Edgar Allan Poe's many tales of mystery and the macabre were (and remain) immensely popular, appealing to a wide range of readers, among whom was Charles Baudelaire, the French poet, whose own fascination with the macabre and strange was a major driver of his work. It is therefore not unduly surprising that he should have chosen to translate Poe's stories into French, and a sufficient number of them to fill two volumes. Strangely, the two men resembled each other in appearance, also!
Edgar Allan Poe (1809–1849) was an American writer, editor, and literary critic, best known for his poetry and short stories, particularly his tales of mystery and the macabre. Widely regarded as a central figure of Romanticism in the Americas, he was one of the country's earliest short story writers, is generally considered the inventor of the detective fiction genre, and is further credited with contributing to the emerging genre of science fiction. He was the first well-known American writer to try to earn a living through writing alone, resulting in a financially difficult (and short) life and career.
Charles Pierre Baudelaire (1821–1867) was a French poet who also produced notable work as an essayist, art critic, and pioneering translator of Edgar Allan Poe. His most famous work, "Les Fleurs du Mal" (The Flowers of Evil), expresses the changing nature of beauty in modern (19th century) industrialising Paris. Baudelaire's highly original style of prose-poetry influenced many other poets including Paul Verlaine, Arthur Rimbaud and Stéphane Mallarmé. He is credited with coining the term "modernity" (modernité) to designate the fleeting, ephemeral experience of life in an urban metropolis, and art's responsibility to capture that experience.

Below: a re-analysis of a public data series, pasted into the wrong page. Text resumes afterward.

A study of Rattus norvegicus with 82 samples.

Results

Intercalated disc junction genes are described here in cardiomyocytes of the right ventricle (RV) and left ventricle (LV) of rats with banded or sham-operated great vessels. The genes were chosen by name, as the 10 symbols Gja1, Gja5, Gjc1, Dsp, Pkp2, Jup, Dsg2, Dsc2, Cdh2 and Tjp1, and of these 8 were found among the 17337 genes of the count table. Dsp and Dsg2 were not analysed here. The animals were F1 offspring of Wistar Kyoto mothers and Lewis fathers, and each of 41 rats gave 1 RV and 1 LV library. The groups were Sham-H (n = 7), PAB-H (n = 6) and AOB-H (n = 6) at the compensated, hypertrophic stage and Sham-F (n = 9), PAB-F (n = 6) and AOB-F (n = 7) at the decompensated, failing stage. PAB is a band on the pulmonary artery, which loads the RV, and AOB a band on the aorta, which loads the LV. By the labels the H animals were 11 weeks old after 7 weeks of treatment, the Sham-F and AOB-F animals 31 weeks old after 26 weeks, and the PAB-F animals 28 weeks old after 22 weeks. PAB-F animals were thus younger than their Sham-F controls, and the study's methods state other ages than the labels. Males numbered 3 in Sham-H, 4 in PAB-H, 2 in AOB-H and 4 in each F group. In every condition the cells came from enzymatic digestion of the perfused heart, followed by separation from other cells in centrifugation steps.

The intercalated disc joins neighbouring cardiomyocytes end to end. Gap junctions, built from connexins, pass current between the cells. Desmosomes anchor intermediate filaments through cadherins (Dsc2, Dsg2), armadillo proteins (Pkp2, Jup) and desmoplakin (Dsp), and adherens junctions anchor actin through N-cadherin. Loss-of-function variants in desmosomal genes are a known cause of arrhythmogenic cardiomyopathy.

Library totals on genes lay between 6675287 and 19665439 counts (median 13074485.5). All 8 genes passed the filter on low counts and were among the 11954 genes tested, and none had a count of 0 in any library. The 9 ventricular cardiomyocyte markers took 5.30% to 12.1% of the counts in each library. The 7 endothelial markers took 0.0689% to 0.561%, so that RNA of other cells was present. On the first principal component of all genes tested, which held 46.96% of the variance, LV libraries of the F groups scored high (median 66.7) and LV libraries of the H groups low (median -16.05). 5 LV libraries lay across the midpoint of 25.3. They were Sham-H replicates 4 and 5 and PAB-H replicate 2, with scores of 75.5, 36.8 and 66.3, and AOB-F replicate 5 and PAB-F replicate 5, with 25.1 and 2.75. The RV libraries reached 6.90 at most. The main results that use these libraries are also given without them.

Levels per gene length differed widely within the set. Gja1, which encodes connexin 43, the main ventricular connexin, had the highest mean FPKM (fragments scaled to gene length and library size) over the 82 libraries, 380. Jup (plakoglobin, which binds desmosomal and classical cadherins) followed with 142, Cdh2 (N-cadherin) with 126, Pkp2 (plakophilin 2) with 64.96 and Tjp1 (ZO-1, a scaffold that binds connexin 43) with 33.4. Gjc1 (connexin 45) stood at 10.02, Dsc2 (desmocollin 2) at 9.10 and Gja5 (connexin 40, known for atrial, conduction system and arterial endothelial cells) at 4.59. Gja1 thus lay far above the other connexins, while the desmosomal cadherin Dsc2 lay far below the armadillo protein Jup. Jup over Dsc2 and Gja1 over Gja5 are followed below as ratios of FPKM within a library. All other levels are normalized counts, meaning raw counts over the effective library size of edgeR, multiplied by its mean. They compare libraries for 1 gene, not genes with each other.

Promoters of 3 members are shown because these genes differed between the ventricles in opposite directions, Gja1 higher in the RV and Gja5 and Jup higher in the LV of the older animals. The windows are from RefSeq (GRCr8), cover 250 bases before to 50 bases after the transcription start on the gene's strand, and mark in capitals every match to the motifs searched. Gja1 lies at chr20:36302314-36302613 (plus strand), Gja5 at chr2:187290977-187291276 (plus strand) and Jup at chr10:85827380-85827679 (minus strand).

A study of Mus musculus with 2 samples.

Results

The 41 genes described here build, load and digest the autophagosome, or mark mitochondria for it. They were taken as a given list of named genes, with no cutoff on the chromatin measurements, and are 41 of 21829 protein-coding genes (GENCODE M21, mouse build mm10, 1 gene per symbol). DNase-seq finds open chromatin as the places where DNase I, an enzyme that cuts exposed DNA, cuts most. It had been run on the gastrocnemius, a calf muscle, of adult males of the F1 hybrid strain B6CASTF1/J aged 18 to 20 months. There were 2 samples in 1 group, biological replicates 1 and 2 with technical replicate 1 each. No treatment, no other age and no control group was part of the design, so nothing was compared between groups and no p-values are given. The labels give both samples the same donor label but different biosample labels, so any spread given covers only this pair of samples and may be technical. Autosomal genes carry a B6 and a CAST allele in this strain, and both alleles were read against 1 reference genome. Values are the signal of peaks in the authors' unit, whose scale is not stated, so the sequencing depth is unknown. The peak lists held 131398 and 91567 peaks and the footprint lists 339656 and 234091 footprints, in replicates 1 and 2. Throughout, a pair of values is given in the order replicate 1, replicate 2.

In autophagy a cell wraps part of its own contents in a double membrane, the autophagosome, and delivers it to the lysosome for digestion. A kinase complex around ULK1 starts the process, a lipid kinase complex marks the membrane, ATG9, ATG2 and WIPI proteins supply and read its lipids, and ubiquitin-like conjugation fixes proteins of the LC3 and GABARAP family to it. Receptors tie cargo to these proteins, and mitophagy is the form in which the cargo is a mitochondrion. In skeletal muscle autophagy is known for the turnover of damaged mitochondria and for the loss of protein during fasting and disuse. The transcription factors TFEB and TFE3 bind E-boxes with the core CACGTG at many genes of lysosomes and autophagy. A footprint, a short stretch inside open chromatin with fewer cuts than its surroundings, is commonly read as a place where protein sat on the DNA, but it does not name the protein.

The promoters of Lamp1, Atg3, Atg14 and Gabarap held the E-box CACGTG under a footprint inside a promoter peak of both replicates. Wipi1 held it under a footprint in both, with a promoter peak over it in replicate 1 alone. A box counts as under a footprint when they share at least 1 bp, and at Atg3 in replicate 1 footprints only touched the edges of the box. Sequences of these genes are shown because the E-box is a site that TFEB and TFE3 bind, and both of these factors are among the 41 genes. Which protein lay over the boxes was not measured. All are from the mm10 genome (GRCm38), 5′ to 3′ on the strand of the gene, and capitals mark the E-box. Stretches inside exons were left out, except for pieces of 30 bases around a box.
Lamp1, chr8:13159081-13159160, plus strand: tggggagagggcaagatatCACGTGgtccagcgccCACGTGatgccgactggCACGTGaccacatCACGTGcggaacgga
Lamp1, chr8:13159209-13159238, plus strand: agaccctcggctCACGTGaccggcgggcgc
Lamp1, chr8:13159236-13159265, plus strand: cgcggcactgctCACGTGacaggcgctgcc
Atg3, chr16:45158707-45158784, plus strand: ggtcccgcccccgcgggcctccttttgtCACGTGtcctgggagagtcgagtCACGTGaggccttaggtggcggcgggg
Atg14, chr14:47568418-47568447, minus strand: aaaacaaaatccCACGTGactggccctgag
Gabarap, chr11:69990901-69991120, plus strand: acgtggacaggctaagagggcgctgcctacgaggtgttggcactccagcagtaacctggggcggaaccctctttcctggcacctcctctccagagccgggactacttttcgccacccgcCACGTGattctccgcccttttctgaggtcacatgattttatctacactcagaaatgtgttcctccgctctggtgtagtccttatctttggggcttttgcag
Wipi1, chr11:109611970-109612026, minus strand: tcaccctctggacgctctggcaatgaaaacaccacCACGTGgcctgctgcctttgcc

Our books are quite beautiful, handsomely bound in red leather with an Art Nouveau design of female heads and serpents impressed on the front and back, repeated in gilt on the spines, and the title in gilt lettering within a dark red diamond panel on the spine. The external condition is almost pristine, apart from a tiny dent at the foot of one spine (see photo). Within, dark-blue/gilt endpapers precede the main body of the book, which are printed on laid paper, and appear unread. Bindings are tight, and all pages clean and bright. Red/pink silk page markers are in place. All page tops gilt. Many striking B/W illustrations enhance the text. This edition was produced in 1974 by Jean de Bonnot, a French publisher specialising in the production of beautiful books, and a guarantee accompanies the set on a separate sheet.